Wednesday 23 November 2016
A computing lecturer at the University of Northampton, who is researching into how the efficiency of our everyday devices, such as mobile phones, can be improved, has been awarded the best paper at two recent conferences.
Dr Michael Opoku Agyeman has written several journal papers focusing on how the next generation of technology can meet the ever increasing demands from consumers. He was invited to present his work at the 19th Euromicro Conference on Digital System Design in Cyprus and the Institute of Electrical and Electronics Engineers’ 14th International Conference in Paris.
Part of his research concentrates on whether several processing elements can be incorporated on a single chip, known as System-On-Chip, to improve the efficiency and speed of the computing systems that we use every day, from mobile phones to video-game consoles and even medical equipment. Usually, metal-based interconnecting wires are used for on-chip communication, but Dr Opoku Agyeman is looking into alternative fabrics, such as three dimensional integrated circuits, millimetre wave and surface wave technologies.
Dr Opoku Agyeman explains: “At the heart of each of the devices we commonly use is the processor which keeps it all running. We now expect more features from smaller devices which provide flexibility and efficiency, as well as longer battery life or some type of energy saving mode. To meet these demands, the next generation of devices will need to incorporate the System-On-Chip element and consequently the architecture and communication design techniques must be developed to improve the effectiveness of our computer systems.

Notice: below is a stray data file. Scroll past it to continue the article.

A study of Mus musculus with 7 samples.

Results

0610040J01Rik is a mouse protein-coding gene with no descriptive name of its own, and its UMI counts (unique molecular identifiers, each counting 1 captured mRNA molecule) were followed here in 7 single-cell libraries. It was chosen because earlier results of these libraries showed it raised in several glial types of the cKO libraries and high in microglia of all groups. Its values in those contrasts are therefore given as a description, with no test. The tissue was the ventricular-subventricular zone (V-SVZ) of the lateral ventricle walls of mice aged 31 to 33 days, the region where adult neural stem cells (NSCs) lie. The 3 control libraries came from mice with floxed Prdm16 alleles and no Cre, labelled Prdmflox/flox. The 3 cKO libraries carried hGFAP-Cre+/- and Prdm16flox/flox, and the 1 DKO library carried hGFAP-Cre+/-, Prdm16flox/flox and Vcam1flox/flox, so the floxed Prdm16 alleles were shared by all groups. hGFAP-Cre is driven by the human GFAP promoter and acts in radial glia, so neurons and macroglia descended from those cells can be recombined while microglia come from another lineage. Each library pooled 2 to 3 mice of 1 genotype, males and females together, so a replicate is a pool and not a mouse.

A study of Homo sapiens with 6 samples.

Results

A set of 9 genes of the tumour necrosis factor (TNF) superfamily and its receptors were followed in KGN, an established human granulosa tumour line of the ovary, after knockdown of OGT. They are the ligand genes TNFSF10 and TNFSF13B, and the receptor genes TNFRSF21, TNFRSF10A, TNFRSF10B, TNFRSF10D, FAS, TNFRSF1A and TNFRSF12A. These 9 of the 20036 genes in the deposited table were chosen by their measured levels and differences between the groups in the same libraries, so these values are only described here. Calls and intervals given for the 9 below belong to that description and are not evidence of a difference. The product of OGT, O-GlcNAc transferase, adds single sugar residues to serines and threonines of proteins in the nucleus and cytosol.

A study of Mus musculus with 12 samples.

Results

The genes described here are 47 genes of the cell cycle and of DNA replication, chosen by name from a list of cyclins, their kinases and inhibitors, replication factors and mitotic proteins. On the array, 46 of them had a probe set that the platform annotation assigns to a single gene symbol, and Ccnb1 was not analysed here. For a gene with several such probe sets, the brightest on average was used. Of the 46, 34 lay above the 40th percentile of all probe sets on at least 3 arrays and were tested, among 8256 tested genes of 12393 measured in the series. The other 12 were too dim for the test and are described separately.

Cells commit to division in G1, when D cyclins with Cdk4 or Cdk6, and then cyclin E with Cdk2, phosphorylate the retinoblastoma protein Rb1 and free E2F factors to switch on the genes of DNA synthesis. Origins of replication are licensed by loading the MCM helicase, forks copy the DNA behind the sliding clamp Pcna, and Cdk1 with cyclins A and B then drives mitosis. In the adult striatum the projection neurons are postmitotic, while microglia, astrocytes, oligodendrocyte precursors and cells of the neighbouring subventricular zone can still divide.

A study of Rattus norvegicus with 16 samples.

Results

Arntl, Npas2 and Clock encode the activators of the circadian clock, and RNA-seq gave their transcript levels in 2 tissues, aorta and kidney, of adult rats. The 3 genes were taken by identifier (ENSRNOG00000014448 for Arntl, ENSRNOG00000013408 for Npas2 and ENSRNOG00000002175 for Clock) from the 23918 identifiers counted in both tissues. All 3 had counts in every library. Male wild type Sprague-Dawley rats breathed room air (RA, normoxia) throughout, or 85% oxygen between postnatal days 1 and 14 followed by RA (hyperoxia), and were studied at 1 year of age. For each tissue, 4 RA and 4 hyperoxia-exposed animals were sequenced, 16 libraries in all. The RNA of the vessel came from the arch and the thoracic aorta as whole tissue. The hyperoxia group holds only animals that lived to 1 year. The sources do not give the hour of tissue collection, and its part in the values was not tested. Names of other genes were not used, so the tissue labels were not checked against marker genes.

“The System-On-Chip combines several components such as processors, peripherals, memory blocks and power management circuits on a single integrated circuit. One issue in particular that dominates next generation designs arises from the non-scalable wire delays and power consumption of the on-chip communication infrastructure.
“To compensate for the fast-paced technological scalability with the performance bottleneck of conventional metal-based interconnects, I have been involved in researching alternative interconnect fabrics. The highlights of my research have so far included an analytical channel model for wireless System-On-Chip design, for which I was awarded the best paper at the Institute of Electrical and Electronics Engineers’ Conference, along with my international collaborative work resulting in a technique that improves the performance of on-chip networks, which was recognised at the Euromicro Conference.
“It is a great honour to be awarded the best paper for both conferences which are highly prestigious.”